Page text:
The Obama administration today shelved a Bush administration plan to allow drilling off the Atlantic and Pacific coasts, delaying a final decision on the controversial policy for at least six months to give states, enviros and others time to weigh in on it.

In announcing the move, Interior Sec. Ken Salazar said that more time was needed to mull offshore renewable energy alternatives "torpedoed" by Bush officials in favor of oil and natural gas. "To establish an orderly process that allows us to make wise decisions based on sound information, we need to set aside" the plan, he said in a statement, "and create our own timeline."

Salazar also ordered the Interior Department to report on potential renewable energy sources such as wave and wind on the Outer Continental Shelf (where the feds oversee 1.7 billion acres), noting that the Bush policy was based on data that is "thin" and at least 20 to 30 years old.

"We shouldn't make decisions to sell off taxpayer resources based on old information," he said.

Congress last year failed to renew a decades-old moratorium on oil and gas exploration across 85 percent of the Outer Continental Shelf, which left all waters previously off limits (estimated to hold billions of untapped barrels of oil and trillions of cubic feet of natural gas) potentially open to exploration.

But four days before Bush left office, officials issued a draft plan that called for the Interior Department to open areas off the East Coast and the coasts of California and Alaska to oil and gas exploration during a five-year period from 2010 to 2015. (Offshore drilling is already allowed in the Gulf of Mexico.)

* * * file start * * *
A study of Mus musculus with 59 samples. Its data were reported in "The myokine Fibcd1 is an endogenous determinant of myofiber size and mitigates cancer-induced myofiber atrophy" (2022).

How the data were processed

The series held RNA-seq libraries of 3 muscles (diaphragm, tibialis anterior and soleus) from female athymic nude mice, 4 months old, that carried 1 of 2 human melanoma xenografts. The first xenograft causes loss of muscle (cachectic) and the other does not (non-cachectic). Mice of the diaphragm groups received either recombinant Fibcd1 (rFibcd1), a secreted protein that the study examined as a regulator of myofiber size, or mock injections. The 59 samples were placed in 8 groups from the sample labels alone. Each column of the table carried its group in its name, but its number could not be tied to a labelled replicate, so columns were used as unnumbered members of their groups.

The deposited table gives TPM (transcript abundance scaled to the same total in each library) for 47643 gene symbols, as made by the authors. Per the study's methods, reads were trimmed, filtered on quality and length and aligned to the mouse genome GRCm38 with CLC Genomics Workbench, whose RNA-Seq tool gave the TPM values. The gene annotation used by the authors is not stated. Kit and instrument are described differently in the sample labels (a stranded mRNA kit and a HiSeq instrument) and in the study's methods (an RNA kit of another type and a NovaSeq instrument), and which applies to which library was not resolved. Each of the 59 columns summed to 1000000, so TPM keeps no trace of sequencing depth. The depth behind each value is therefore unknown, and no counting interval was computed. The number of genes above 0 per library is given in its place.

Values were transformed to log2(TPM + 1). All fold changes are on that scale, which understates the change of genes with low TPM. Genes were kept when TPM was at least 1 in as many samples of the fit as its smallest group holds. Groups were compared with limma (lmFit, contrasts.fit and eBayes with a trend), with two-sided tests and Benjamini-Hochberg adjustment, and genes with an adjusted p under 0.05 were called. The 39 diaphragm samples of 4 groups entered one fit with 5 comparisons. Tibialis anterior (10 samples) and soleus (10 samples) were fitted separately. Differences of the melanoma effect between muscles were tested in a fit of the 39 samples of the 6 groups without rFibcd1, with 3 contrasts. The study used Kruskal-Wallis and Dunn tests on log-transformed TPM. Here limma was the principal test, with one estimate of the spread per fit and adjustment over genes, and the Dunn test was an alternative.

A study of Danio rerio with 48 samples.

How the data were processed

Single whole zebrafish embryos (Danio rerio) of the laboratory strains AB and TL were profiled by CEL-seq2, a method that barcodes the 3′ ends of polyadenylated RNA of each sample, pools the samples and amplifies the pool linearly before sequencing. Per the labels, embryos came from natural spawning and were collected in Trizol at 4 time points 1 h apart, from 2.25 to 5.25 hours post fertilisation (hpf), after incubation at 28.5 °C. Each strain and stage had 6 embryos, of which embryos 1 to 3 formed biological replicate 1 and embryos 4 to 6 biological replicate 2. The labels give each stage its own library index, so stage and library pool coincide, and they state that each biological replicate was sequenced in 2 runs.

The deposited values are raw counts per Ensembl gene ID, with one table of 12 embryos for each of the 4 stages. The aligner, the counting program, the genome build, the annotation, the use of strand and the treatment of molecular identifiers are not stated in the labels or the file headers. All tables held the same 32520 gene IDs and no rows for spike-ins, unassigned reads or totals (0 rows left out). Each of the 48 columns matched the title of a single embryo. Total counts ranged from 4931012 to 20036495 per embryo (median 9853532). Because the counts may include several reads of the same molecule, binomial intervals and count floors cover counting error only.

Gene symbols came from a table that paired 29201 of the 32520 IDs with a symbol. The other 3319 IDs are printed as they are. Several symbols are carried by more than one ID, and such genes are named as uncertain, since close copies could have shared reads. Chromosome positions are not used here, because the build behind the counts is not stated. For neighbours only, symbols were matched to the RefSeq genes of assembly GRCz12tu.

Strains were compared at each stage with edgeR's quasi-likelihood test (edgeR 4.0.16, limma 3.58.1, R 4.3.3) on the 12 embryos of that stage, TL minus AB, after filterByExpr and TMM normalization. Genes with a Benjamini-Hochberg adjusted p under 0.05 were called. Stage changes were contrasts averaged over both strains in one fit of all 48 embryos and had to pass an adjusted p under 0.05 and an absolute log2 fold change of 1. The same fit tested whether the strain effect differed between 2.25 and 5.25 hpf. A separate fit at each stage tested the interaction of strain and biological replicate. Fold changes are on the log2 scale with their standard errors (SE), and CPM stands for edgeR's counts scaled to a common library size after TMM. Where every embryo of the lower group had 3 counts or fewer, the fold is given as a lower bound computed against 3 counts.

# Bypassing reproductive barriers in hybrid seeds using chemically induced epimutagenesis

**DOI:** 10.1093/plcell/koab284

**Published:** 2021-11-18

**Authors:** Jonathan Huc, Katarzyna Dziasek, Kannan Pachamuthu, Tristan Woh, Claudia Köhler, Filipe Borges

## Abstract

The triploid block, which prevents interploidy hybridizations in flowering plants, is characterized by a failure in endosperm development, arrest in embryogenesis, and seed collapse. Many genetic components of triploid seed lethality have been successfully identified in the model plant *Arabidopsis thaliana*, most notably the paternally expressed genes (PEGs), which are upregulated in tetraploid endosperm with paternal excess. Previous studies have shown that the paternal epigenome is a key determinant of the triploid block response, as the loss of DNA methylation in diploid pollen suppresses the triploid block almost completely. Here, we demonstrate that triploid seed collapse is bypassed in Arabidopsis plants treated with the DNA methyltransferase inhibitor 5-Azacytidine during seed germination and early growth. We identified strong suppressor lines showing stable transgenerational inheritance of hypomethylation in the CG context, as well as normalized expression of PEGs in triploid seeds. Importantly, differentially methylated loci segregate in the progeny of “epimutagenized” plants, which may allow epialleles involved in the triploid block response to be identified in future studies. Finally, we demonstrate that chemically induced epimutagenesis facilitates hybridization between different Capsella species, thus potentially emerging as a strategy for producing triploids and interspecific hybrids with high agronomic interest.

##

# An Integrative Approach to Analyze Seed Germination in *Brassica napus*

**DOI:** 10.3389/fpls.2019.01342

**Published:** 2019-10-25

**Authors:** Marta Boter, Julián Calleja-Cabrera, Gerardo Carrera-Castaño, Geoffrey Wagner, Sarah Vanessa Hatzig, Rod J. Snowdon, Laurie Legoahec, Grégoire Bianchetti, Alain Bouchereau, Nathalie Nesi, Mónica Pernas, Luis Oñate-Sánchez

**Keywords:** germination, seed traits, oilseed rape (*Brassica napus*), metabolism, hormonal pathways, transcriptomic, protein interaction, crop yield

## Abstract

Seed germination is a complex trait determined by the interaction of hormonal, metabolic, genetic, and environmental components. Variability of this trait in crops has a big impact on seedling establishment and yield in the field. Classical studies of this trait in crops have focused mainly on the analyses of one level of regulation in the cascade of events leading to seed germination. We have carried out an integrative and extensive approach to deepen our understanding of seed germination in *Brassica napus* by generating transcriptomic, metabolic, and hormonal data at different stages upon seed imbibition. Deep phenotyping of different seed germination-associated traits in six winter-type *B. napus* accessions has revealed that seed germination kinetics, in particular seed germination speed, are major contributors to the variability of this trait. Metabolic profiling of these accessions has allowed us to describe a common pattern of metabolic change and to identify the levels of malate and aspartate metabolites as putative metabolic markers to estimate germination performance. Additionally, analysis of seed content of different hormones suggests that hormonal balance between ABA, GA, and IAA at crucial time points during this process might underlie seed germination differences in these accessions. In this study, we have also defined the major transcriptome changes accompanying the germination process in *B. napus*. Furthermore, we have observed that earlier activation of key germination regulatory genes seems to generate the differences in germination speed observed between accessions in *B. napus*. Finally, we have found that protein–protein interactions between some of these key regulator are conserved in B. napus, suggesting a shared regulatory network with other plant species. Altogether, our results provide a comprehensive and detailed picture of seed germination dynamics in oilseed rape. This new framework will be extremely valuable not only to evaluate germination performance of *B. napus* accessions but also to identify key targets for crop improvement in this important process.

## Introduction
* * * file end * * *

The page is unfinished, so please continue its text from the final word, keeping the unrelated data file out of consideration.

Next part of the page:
Environmentalists and coastal states were up in arms, arguing that drilling could lead to spills (that could sully the waters and harm fish and wildlife) and that the feds' should shift their focus from oil and gas to renewable energy sources.

Salazar said that when he issues a final rulemaking "in the coming months," it "will allow us to move from the 'oil and gas' only approach of the previous administration."

"We must embrace President Obama's vision of energy independence," he added, "for the sake of our national security, our economic security, and our environmental security."

The move comes a week after House Republicans urged Obama to keep the Pacific and Atlantic coastlines open for (oil and gas) business.